Discussion in 'SSI: Scuba Schools International' started by SULLIVAN2049, Mar 15, 2010.

  1. DevonDiver

    DevonDiver N/A

    # of Dives: 5,000 - ∞
    Location: Subic Bay, Philippines

    Always makes me chuckle when some people graduate from scuba courses, knowing full well what their recommended limitations are.... and then immediately seek consent to break those recommendations.

    The agency spells it out. The instructor spells it out. So why not seek the approval of random, anonymous internet folks to over-ride what has just been taught?? :wink:
     
    Last edited: Nov 29, 2010
  2. Thalassamania

    Thalassamania Diving Polymath ScubaBoard Supporter

    # of Dives: 5,000 - ∞
    Location: On a large pile of smokin' A'a, the most isolated
    22,171

    I think that many people have questions about the various limits and recommendations of the recreational diving agencies because they see them for what they are, recommendations more designed the agency's well being than for the diver's well being.
     
  3. DevonDiver

    DevonDiver N/A

    # of Dives: 5,000 - ∞
    Location: Subic Bay, Philippines

    How does that actually detract the safety benefit to the student?

    It boils down to the requirement for X training and Y experience, needed to safely complete Zdive.
     
  4. SC_Hoaty

    SC_Hoaty Solo Diver

    # of Dives: 25 - 49
    Location: SC
    5,594
    4,015


    By failing to inform them of what they do NOT know about exceeding the "recommendation." As an example, that gas consumption increases with depth.
     
  5. boulderjohn

    boulderjohn Technical Instructor ScubaBoard Supporter

    # of Dives: 1,000 - 2,499
    Location: Boulder, CO

    I only know what PADI teaches in this regard. Students are required to calculate the degree to which gas consumption increases with depth on the final exam, so it has to be taught during the course.

    Which agencies do not teach this?
     
  6. SC_Hoaty

    SC_Hoaty Solo Diver

    # of Dives: 25 - 49
    Location: SC
    5,594
    4,015
     
  7. Thalassamania

    Thalassamania Diving Polymath ScubaBoard Supporter

    # of Dives: 5,000 - ∞
    Location: On a large pile of smokin' A'a, the most isolated
    22,171
    2,770
    113
    You're missing the point, I guess that comes from working in a less litigious experiment.

    As far as a progressive development of diving with respect to depth and conditions, I could not agree more, but I don't really see that from any of the agencies except as what I would consider "lip service."
     
  8. boulderjohn

    boulderjohn Technical Instructor ScubaBoard Supporter

    # of Dives: 1,000 - 2,499
    Location: Boulder, CO
    25,635
    17,071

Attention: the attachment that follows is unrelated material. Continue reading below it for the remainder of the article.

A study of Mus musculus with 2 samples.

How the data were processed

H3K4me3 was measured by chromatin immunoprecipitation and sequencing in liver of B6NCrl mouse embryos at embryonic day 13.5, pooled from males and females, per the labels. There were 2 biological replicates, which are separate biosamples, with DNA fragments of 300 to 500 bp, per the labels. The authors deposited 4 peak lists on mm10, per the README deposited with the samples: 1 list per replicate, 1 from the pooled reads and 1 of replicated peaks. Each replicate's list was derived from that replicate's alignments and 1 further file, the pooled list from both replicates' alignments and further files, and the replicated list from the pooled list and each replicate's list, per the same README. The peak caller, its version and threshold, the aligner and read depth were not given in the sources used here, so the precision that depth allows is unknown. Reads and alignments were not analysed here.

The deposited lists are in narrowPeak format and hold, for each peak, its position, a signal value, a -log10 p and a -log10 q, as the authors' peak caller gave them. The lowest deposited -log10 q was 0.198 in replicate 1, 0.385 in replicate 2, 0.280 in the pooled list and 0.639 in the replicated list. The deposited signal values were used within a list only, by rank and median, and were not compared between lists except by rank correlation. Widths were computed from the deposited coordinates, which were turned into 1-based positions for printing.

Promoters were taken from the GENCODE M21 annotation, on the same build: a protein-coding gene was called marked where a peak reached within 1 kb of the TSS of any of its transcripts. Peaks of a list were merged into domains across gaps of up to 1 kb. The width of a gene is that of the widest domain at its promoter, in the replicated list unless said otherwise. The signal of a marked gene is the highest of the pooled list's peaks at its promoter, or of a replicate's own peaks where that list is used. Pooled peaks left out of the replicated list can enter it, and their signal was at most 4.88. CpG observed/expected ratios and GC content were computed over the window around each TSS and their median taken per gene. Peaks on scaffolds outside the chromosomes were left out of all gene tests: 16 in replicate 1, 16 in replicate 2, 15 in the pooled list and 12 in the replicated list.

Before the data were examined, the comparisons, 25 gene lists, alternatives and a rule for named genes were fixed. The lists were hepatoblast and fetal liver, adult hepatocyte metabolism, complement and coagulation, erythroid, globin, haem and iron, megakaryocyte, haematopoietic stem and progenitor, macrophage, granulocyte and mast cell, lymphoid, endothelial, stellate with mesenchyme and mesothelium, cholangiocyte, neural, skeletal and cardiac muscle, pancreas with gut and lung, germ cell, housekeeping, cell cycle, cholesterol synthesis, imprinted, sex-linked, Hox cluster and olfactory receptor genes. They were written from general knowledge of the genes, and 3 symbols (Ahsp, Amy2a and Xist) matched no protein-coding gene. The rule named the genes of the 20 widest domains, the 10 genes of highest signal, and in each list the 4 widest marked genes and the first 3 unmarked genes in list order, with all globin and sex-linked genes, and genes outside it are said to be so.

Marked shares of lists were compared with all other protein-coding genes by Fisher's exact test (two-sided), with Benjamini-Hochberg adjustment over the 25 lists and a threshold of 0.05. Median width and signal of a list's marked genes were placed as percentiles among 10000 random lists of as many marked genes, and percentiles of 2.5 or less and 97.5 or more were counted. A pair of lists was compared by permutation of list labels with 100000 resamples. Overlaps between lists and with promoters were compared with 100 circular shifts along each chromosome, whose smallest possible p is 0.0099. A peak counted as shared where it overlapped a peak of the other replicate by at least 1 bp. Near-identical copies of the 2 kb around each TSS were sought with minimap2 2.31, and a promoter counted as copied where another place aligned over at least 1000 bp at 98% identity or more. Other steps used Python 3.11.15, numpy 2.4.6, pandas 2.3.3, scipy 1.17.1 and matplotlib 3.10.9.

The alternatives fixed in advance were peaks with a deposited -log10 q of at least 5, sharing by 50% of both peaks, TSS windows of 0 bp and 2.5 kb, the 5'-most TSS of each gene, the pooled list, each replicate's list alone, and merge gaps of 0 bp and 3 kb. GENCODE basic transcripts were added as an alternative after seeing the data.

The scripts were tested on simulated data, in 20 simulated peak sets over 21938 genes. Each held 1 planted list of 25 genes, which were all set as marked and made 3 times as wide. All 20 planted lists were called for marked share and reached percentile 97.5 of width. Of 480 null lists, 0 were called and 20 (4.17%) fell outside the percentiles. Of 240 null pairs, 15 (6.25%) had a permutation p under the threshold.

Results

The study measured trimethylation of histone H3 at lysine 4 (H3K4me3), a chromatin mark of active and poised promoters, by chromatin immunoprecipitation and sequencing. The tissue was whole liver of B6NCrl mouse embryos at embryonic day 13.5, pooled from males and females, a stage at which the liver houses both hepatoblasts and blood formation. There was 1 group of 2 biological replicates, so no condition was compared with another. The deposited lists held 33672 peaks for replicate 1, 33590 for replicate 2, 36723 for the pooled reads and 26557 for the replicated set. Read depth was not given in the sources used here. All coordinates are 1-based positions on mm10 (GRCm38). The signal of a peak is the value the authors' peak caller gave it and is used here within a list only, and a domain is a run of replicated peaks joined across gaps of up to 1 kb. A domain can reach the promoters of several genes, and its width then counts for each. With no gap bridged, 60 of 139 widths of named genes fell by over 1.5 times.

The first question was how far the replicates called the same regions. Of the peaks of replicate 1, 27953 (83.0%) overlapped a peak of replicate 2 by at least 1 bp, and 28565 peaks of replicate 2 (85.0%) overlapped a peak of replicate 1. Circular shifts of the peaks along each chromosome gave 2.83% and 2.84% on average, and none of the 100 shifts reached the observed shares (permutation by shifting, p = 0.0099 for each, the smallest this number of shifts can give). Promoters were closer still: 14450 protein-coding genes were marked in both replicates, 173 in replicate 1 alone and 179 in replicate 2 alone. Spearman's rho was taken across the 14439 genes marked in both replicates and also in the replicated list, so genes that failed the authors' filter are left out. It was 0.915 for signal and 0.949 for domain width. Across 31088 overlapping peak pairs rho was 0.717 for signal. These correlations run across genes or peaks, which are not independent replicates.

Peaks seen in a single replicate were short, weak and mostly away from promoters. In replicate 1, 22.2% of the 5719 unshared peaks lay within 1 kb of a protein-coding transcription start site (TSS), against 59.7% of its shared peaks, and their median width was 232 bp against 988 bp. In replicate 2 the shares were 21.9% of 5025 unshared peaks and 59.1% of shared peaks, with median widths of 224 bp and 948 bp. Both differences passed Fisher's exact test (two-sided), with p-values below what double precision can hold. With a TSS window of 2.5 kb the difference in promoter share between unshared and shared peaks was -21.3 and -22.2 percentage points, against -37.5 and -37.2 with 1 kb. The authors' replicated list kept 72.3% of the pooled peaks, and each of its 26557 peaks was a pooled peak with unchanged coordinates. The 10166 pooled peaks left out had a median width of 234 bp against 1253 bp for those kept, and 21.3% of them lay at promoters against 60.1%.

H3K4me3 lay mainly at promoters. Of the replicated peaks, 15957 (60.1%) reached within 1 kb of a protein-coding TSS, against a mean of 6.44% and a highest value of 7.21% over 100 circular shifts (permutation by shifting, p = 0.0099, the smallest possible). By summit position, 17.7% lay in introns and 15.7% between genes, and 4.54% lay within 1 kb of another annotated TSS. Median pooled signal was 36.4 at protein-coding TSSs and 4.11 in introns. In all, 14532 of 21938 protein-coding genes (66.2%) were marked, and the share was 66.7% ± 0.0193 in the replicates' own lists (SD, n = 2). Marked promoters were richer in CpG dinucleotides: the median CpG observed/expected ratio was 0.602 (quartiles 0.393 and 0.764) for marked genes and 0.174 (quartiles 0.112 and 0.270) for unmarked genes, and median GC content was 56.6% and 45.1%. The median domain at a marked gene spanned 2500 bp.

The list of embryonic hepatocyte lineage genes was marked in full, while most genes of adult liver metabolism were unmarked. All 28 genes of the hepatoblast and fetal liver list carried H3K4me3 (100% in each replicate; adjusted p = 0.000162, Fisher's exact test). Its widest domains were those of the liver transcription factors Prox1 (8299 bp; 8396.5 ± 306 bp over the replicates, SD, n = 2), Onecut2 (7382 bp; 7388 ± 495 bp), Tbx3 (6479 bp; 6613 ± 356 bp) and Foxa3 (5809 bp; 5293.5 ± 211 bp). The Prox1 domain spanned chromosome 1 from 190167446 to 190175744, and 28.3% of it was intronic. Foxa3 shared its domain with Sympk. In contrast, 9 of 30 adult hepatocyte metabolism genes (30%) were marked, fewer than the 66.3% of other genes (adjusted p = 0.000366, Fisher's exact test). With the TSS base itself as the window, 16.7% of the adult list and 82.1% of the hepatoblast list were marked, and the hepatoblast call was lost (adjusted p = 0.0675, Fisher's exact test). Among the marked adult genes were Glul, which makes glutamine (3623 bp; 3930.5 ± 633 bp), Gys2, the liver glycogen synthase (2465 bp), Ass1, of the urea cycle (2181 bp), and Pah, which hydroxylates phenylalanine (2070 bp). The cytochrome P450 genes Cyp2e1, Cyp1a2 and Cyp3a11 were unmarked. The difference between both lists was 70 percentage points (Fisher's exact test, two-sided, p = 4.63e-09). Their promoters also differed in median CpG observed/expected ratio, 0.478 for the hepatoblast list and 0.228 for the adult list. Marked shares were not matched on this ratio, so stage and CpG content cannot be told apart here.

113
    Sorry--can't think of anything, really.

    I think the real bone of contention is that we don't do enough with gas planning in general. At the OW level, students are taught to check with their gauges frequently to make sure they don't run out of air. I wish there were more in the regular course, so I include more in my course--specifically, some guidelines as to when to begin an ascent in terms of remaining air. And, even, though they are supposed to be limited to 60 feet, I include ascents from deeper depths.
     
  9. SC_Hoaty

    SC_Hoaty Solo Diver

    # of Dives: 25 - 49
    Location: SC
    5,594
    4,015

    Can you rationalize why PADI doesn't require additional diving experience beyond OW certification dives before admitting a student to the AOW course? DevonDiver was advocating for combined experience and training before increasing depth.
     
  10. Thalassamania

    Thalassamania Diving Polymath ScubaBoard Supporter

    # of Dives: 5,000 - ∞
    Location: On a large pile of smokin' A'a, the most isolated
    22,171
    2,770
    113
    Here are the issues as I see it:

    1) Gas management is gas management. The concept is the same regardless of depth and all divers should have a good working knowledge of how to plan gas usage for a dive. One ATA or Seven ATA, it's all the same in terms of planning. There just less actual room for error as you get deeper, but I don't see that there should be any permissible error in gas planning regardless of depth.

    2) There is a clear interactive term between conditions and depth. 130 feet in warm, clear, tropical waters is rather different than 100 feet in the North Atlantic or North Pacific.

    3) While there is a clear body of knowledge that all divers should master, experience is a whole 'nother story. Some divers are virtually narc-proof others are in trouble at 60 feet. There seems to be almost universal agreement that slowly increasing depth with each dive is a good approach, but there is no policy anywhere (except through AAUS) that actually addresses how to conduct such dives, the qualifications of proper buddies, etc.